I am a field crop extension entomologist at Iowa State University. This blog provides real-time updates on field crop insect IPM.
Updated: 2 hours 12 min ago
Today my post-doc, Thelma, and I got to go on an adventure and visit a honey bee yard. It's maybe a little embarrassing to say it was my first time seeing hives, maybe because you would assume entomologists get to see this stuff all the time. Well, not so much for this field crop bug girl. I did have a tiny bit of anxiety about the visit. Random questions to myself before the trip...
First thought: Am I going to freak out with all the buzzing and swarming? I imagined a deafening sound of a thousand bees landing on me and not sure if that was going to send me running back to the car.
Second thought: Am I going to get stung and by how many bees? Note: I hate being bit by mosquitoes, ticks or anything, really. My last bee sting swelled up substantially and I wasn't looking forward to a puffy welt.
Third thought: Am I going to get really sticky? I just had an idea of a bee hive being messy with dripping honey everywhere. Not sure why? Note: I don't really like to be covered with sugar.
Fourth thought: Am I going to sound like an idiot? I know I don't know anything about honey bees, but was very curious. Would I sound and look like a moron? You decide on my look!
Bee suits aren't very flattering, but I felt protected with the cool head gear!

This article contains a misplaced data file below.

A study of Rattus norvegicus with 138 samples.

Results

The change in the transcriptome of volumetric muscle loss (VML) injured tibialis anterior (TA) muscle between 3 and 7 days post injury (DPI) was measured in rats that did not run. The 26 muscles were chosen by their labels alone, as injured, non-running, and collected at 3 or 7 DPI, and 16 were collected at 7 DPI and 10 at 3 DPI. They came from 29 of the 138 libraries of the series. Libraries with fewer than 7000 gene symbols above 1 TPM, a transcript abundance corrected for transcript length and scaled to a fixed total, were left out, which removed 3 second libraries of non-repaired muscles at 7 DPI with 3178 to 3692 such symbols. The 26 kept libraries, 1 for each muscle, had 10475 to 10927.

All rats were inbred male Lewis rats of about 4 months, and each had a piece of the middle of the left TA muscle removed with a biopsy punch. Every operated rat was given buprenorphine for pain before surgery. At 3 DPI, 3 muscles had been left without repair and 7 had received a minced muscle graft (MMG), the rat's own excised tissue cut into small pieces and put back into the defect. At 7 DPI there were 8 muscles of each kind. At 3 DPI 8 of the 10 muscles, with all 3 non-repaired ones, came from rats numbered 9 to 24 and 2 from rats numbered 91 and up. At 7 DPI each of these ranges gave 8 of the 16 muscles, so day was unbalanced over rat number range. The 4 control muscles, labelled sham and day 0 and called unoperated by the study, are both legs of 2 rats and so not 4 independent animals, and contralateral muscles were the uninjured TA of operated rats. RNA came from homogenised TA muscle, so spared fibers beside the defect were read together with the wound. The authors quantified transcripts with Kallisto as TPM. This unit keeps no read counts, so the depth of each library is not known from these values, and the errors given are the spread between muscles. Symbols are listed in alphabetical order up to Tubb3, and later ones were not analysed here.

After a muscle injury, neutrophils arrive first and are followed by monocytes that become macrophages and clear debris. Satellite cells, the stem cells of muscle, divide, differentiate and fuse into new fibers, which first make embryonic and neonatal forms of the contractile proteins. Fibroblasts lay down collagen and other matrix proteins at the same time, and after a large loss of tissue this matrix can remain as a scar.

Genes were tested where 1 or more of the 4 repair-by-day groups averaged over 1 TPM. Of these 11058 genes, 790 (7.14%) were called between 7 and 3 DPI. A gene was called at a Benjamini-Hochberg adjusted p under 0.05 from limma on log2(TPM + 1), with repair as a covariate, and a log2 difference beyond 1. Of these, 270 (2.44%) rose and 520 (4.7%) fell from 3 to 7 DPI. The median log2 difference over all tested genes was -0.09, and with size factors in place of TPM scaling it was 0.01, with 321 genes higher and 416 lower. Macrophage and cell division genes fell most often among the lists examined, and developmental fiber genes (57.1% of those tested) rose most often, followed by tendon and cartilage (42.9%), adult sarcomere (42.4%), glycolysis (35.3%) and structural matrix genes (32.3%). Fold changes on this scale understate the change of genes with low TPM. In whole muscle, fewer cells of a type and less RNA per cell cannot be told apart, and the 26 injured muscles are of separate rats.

Thelma and I arranged this meeting with Andy Joseph (IDALS State Apiculturist) and Robin Pruisner (IDALS State Entomologist). They took some time off from their usual jobs to look at a few hives east of Ankeny and talk about honey bees. They both personally own honey bees and have a lot of practical experience raising successful bees in Iowa.
The colorful boxes hold honey bee colonies. Each tower has it's own queen, workers, and drones.
Andy and Robin showed us various stages of brood and honey production. Rearing healthy and productive honey bees takes a lot of work. Plus it's like they were using another language to describe the process (my entomological background was only mildly helpful). It was also apparent that a beekeeper needs a bunch of specialized tools! The buzzing was surprisingly not bad. I didn't feel like they were out to get me, even though we were popping open "supers" and looking at their babies and potentially taking their food.
Andy lightly smokes the super before pulling out the frames. I almost sound like I know what I am talking about!
Andy typically only wears the hat with mesh veil. Obviously, he's been working with bees for a long time!
An example of a nicely progressing frame. The queen should start laying eggs in the middle and work her way around. Note the capped cells in the middle and pure honey in the upper right corner.
They seemed to know right away if the bees were making the right pattern. It wasn't as obvious to an untrained eye. Some frames were very organized and others looked like they were created by bees with ADHD. We got to taste some honey straight from the hive. Woot! I am now officially a honey snob and I never EVER want to buy honey from a store again.
Worker bees forage on pollen and nectar for the colony. Once their bellies are full, they pack extra pollen on their hind legs. Note the bright, yellow pollen balls on these ladies!
Entrance hole for foraging bees. Workers live for a few weeks after emerging from capped cells.
Final thoughts: didn't freak out, didn't get stung, it wasn't sticky and I only kinda sounded ignorant. Overall, a great experience! I can't wait to visit again, perhaps during the honey extraction for an extra tasty adventure!